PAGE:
TULSA, Oklahoma - Drones are the latest trend in aviation and can be used for all kinds of things.
From the agriculture industry, to movies to weather chasers, they are becoming more prominent in the aeronautics industry and a Tulsa College is set to offer a new course to meet the demand.
Starting in April, students at Spartan College will learn how to build, program and fly unmanned aerial vehicles, or UAVs.
Michael Brown said that he's loved airplanes since he was little, but didn't have the money or time to dedicate towards becoming a pilot.
Now, nearing graduation from Spartan's College of Aeronautics and Technology, one of his final courses will school him in the world of drones.
"The chance to touch it before anyone else gives me the chance to say I helped Spartan build that class and that program, so that kind of helped give me an edge out there in the field looking for next job," Brown said.
Spartan is one of the first in the nation to offer a program specializing in UAV technology, according to President Ryan Goertzen.
"Such a critical educational niche that focuses on careers that mean something and lead to good jobs," he said.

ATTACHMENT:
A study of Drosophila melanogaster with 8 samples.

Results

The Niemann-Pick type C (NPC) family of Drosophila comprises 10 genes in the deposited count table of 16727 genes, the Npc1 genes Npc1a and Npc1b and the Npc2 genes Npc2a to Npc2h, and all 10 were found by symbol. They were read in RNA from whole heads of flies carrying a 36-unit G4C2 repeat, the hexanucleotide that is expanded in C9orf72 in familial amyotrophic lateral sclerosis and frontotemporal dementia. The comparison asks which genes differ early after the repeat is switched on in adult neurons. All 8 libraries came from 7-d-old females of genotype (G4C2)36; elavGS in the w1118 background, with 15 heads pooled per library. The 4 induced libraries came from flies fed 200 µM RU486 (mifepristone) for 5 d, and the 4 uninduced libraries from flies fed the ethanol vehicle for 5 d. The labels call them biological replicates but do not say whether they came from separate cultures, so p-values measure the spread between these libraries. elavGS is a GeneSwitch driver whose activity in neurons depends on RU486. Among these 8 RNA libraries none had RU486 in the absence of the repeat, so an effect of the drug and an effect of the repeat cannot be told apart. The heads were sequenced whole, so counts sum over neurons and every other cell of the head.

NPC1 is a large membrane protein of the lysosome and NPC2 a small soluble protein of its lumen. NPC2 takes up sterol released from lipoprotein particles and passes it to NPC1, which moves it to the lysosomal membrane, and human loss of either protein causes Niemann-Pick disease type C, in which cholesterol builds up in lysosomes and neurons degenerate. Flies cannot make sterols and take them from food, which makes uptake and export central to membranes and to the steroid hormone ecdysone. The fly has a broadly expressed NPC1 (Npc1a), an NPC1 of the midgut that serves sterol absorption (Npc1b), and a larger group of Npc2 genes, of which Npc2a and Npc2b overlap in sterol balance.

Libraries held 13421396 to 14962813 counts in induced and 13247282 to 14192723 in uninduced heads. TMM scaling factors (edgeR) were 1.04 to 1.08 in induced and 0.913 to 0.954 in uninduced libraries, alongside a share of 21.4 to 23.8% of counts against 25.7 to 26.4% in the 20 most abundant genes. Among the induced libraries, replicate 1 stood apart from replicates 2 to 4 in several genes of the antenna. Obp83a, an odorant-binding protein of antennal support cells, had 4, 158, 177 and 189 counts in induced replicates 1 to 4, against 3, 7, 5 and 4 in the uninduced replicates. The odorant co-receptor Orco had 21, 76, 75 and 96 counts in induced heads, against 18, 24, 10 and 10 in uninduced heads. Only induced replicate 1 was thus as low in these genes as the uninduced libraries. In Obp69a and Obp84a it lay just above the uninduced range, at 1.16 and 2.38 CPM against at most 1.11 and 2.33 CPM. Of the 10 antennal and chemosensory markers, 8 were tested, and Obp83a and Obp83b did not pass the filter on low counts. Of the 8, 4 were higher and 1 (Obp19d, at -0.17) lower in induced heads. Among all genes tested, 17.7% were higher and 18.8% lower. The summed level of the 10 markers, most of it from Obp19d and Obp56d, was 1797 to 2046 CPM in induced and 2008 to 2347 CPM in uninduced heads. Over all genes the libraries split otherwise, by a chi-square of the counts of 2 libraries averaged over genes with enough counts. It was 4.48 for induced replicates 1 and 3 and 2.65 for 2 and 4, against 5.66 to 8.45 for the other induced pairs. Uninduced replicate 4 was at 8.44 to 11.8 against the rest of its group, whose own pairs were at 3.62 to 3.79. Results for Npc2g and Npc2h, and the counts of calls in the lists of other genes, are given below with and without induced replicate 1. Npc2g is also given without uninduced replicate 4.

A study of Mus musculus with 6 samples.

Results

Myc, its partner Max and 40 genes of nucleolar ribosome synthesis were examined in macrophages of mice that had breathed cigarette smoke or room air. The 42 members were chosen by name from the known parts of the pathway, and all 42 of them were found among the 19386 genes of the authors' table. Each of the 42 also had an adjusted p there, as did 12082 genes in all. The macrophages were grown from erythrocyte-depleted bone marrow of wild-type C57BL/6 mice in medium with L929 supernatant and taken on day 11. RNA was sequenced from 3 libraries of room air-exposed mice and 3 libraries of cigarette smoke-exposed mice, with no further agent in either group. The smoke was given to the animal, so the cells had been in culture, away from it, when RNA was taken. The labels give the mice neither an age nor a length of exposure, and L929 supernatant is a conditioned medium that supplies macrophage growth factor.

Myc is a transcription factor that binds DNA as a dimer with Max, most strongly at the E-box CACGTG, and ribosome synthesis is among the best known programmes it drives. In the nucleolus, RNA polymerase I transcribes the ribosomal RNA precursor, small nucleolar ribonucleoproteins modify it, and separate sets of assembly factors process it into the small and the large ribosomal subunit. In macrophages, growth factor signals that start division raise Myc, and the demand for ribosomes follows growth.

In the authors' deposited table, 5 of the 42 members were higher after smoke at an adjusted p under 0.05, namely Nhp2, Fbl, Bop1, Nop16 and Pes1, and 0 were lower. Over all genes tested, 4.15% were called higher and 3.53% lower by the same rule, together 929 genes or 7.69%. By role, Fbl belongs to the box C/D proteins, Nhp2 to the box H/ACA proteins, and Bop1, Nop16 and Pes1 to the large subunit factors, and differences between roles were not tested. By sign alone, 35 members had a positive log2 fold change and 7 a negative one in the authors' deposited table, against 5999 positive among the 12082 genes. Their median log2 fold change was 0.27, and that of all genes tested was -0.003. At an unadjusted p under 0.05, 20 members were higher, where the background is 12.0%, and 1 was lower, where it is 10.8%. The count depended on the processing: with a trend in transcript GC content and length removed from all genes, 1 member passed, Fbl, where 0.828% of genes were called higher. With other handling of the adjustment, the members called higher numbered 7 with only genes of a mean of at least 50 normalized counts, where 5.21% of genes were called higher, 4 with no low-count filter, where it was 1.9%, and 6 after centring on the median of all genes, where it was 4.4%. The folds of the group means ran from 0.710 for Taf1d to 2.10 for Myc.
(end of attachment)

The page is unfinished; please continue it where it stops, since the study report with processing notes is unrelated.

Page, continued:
Students will learn the FAA regulations that come with drones and build them from the ground up.
"A lot of moving parts, literally, a lot of moving parts. Very sharp blades. This is known as a quadcopter. It has four blades and works kind of like a helicopter but works more like an airplane," Instructor, Paul Wells said.
But the contraptions are finicky.
"We've had a few accidents already. The throttle is very touchy. Once it goes to pick up off the ground it can shoot to 4 or 500 feet like that," Wells said.
But, as drones become more widely used and the technology improves, students will have no problem keeping up.
"When I knew they were going to build program I said make sure I'm in on it," Brown said.
You can enroll for the new program starting March 5th with classes beginning April 6th.
The program is expected to last 17 months or less and cost around $36,000.
The FAA recently approved more uses for certain types of UAVs, opening up all sorts of jobs for the soon-to-be graduates.